Looking out towards the rock at Pah Beach on Aotea, Great Barrier Island.

Destination Delusion: A Balance Between Sustainability and Survival

Some of the loudest voices on the motu yearn for quiet, pushing for further restrictions on tourism, seemingly oblivious to the widespread impacts their stance is already having.

EDITORIAL: Aotea has been thrust into a debate that cuts to the core of our community’s future, sparked by a controversial ‘destination management plan‘ and a podcast that followed a divisive hui. The plan, shaped by a consultant from an Australian firm who barely spent a day on our soil, suggests reducing our focus on tourism without considering the social repercussions it would bring to our community.

At the hui, facilitated by the local board and Tātaki Auckland Unlimited, the atmosphere was tense, leading to a walkout by a significant number of attendees 10 minutes in. The meeting was supposed to gather community input; instead, it showcased a rift between the decision-makers and stakeholders of the motu.

An effort to clarify intentions on Aotea FM did little to bridge the gap. Instead of addressing the economic and social concerns raised by a plan to taper tourism, discussions veered into esoteric debates about tourism’s philosophical implications.

The board representative stated visitors come to Great Barrier Island to ‘get to know yourself again’. One wonders how that negates the need for food, water, or a bed. The stance ignored almost entirely the role local businesses play, not just in the economy, but in the fabric of our community life.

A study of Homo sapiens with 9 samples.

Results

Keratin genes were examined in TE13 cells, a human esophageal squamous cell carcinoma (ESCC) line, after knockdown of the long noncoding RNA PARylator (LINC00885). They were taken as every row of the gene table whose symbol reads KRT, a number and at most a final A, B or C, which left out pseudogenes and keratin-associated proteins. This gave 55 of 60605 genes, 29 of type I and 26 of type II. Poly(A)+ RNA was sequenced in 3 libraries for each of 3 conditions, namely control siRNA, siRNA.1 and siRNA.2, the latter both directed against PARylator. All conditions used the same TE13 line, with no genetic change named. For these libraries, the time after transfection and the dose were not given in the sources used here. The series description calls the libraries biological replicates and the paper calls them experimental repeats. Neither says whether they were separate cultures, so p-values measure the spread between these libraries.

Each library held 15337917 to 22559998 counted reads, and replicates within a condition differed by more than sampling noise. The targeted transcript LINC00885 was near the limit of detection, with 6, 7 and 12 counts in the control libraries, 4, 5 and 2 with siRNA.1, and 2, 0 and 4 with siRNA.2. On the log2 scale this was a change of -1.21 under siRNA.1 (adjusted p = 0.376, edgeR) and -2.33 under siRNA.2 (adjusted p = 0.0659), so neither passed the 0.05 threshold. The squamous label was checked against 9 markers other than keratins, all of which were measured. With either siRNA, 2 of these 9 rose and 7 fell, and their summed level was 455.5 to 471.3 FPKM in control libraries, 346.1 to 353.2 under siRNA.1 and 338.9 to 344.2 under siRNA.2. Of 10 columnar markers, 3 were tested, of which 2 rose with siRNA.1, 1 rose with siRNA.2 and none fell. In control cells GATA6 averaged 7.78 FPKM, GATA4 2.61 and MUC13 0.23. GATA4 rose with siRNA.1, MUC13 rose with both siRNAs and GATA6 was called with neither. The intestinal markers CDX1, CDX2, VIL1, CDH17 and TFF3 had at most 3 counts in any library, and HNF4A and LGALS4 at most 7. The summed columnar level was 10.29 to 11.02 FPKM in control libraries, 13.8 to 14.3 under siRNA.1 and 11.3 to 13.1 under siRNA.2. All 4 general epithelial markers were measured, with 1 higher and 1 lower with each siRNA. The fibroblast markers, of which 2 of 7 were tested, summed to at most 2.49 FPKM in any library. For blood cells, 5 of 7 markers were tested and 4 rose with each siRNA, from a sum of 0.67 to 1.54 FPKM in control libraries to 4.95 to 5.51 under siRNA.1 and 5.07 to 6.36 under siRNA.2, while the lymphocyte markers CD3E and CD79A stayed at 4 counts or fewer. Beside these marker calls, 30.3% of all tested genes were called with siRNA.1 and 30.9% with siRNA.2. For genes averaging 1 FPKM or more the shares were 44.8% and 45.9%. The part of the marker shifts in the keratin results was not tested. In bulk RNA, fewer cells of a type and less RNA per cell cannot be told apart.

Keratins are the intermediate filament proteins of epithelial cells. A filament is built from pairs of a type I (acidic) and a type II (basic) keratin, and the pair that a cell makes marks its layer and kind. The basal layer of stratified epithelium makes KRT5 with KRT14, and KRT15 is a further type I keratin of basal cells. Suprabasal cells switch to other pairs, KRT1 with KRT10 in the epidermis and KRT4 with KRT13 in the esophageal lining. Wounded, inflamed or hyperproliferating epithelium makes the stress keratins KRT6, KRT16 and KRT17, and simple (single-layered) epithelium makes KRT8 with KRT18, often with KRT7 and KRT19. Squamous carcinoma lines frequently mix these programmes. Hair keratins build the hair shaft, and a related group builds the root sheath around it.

Adam, a cornerstone of the motu as the volunteer ambulance officer, highlighted a stark reality. His accommodation business, like many others, is under threat. The lifeblood (literally) of our island, provided by tourists is at risk of drying up. Yet, his genuine concern received barely two minutes of attention in a 35-minute discussion that, at times, resembled hallucinogenic delirium.


Less people is not a good thing.

Great Barrier Island definitely faces daunting challenges. Tourism emerges not as a problem but as a solution. It’s absurd Tātaki—the organization charged with selling us as a tourism hotspot is practically campaigning for less tourism. And the board, supposed guardians of our economic prosperity, appear focused on shrinking it.


These issues are intricately linked with our alarmingly high unemployment rates, the highest within Auckland. That’s just a fact, proved study-after-study. It’s cliched, but there is Mana in Mahi. This correlation between drug use, suicide, and unemployment underscores the lie which we tell ourselves. Isolation makes life better.

Since COVID-19 and caulerpa, the path of diminished work, less visitors, less venues where people get out and socialise has proven disastrous for our wellbeing. If it hadn’t, we’d have the best social statistics in the country, not the worst. Tourism is about more than butts in beds, or at restaurants, it’s the heartbeat of our community. When it’s stronger, we are too.

The push for a tourism model that essentially excludes growth and opportunity, directly impacts our youth and those with the energy and desire to forge a vibrant future here. Like the podcast, we are plagued by frequently older know-it-alls determined to block progress and maintain the status quo. They insist on holding the pou, demanding silence from the rest of us who are invested in the island’s future.

As we ponder that future, we should remember the role of community and connectivity. The hermits might relish the thought of an island untouched by tourism and economic activity, but the nature of such a shortsighted vision is usually only pulled into focus when they reach out for essential services, like an ambulance, and nobody picks up.